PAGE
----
Greenpeace is calling out one of the biggest names in banking, JPMorgan Chase CEO Jamie Dimon, and what it calls the bank’s lack of action in battling climate change.
In a new report, the international advocacy group calls JPMorgan Chase (JPM) “the world’s worst funder of fossil fuels and fossil fuel expansion.” And Greenpeace International Executive Director Jennifer Morgan cites Dimon personally for helping perpetuate the crisis.
“It's pretty clear from congressional testimony and other things that he doesn't understand the risk,” Morgan told Yahoo Finance at the World Economic Forum in Davos, Switzerland. “You can say maybe they didn't know the risk, but now they know the risks of climate change, and they continue to invest in the thing that's causing climate change.”
In 2015, JPMorgan Chase joined six other banks in committing “significant resources toward financing climate solutions.”
However, according to data compiled by BankTrack for Greenpeace, JPMorgan Chase has provided more than $195 billion in financial support for the fossil fuel industry since the Paris agreement was signed in 2015. That’s the most of any major bank, dwarfing Citigroup (C), Bank of America (BAC) and Morgan Stanley (MS). All told, Greenpeace says 24 major global banks have poured $1.4 trillion in financial support into the fossil fuel industry between 2015 and 2018.
In his testimony before the House Financial Services Committee in April, Dimon called climate change “real,” and pressed for “taking action immediately to do something about it." But he pushed back on the financial sector’s role.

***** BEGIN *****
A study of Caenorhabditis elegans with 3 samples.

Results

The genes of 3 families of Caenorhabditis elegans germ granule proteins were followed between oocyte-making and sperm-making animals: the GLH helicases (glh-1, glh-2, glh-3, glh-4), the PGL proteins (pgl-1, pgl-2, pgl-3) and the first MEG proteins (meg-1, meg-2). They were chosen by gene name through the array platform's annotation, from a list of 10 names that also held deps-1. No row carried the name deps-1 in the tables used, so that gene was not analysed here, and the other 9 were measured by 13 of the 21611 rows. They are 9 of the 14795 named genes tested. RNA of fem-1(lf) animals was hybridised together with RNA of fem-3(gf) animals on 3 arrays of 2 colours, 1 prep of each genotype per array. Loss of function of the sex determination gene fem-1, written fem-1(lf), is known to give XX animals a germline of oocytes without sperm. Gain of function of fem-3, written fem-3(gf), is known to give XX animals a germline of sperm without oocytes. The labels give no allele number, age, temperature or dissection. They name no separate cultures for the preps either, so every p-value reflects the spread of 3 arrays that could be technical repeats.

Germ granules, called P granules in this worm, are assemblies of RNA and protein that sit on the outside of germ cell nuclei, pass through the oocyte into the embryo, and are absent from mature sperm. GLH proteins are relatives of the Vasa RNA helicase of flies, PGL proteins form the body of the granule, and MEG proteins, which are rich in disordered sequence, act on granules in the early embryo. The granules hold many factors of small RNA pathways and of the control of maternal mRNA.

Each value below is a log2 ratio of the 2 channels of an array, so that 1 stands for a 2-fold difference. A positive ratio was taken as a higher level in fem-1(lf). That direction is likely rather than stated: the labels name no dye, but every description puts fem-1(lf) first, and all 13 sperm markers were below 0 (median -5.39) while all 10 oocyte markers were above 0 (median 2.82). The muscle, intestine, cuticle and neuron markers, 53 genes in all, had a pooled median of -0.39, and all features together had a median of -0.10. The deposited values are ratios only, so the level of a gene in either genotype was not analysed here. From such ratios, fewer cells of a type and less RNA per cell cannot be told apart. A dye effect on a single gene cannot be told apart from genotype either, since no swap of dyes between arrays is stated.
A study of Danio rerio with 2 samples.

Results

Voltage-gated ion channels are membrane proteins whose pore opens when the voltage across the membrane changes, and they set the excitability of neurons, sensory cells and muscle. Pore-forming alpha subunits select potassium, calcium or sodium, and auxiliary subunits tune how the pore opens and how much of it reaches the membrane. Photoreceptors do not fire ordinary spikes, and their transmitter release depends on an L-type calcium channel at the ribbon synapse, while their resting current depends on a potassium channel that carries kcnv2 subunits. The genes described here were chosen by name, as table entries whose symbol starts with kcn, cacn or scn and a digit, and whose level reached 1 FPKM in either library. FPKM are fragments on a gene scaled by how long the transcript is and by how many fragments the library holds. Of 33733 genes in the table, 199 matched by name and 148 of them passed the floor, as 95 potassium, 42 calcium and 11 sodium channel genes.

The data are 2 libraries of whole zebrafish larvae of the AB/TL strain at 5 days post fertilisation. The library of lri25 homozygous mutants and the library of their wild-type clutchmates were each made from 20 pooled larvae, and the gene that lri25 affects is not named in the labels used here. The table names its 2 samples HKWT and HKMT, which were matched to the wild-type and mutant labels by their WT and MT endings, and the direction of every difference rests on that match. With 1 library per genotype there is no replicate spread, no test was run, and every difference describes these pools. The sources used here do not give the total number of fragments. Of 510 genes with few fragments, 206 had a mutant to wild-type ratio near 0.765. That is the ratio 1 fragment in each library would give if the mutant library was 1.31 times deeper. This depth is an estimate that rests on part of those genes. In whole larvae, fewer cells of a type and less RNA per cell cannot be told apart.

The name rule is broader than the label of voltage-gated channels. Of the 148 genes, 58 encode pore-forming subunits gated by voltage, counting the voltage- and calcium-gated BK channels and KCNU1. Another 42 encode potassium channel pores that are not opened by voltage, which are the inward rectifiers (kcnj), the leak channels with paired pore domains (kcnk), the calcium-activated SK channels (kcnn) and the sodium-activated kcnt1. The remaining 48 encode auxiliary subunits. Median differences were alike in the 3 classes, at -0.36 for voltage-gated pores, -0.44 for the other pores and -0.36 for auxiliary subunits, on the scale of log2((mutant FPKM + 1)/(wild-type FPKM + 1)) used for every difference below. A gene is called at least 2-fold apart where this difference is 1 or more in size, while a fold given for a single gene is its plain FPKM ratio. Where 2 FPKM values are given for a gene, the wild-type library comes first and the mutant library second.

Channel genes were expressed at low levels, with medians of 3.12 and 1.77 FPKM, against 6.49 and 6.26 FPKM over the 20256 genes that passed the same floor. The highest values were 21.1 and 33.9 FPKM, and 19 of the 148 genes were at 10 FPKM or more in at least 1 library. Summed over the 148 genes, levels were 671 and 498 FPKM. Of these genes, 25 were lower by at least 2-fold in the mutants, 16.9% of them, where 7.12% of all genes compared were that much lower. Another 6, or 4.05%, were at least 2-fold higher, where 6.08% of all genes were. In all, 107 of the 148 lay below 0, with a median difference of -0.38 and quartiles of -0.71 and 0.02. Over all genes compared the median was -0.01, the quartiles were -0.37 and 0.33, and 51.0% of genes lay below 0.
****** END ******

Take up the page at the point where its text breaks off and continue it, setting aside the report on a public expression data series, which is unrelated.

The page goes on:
“If you want to fix this problem, you are going to have to do something,” he told House members, insisting his bank is working with fossil fuel companies to promote clean energy.
“If you look at the role of the financial sector, it's played as big of a role in creating climate chaos as the fossil fuel industry,” Morgan told Brian Sozzi and Julia La Roche. “Obviously, they say nice things, but their investments are going in completely the wrong direction.”
“Climate change has become a defining factor in companies’ long-term prospects,” Fink wrote. “I believe we are on the edge of a fundamental reshaping of finance.”
Morgan calls that a good move by Fink, but says he needs to do more.
“I think it's good that there's been a recognition finally, by BlackRock that this is a fundamental issue, it's a material risk issue,” Morgan said. “I think the other key piece is to get the regulation in place. And so I would like to see Mr. Fink out there testifying to get regulation in place of this sector.”
As for the rest of the banking and finance industry, she says business needs to take climate change much more seriously before it’s too late.
“We won't have profit, we won't have a GDP, if we don't start actually challenging and incorporating the fact that climate change is a material risk in all of this. And then we have to move away from this idea of eternal growth,” Morgan said. “We actually need to bring in more things about health, well being. And right now, no, I don't see it as integrated fully into their businesses. I see lots of statements. But let's see where the money goes.”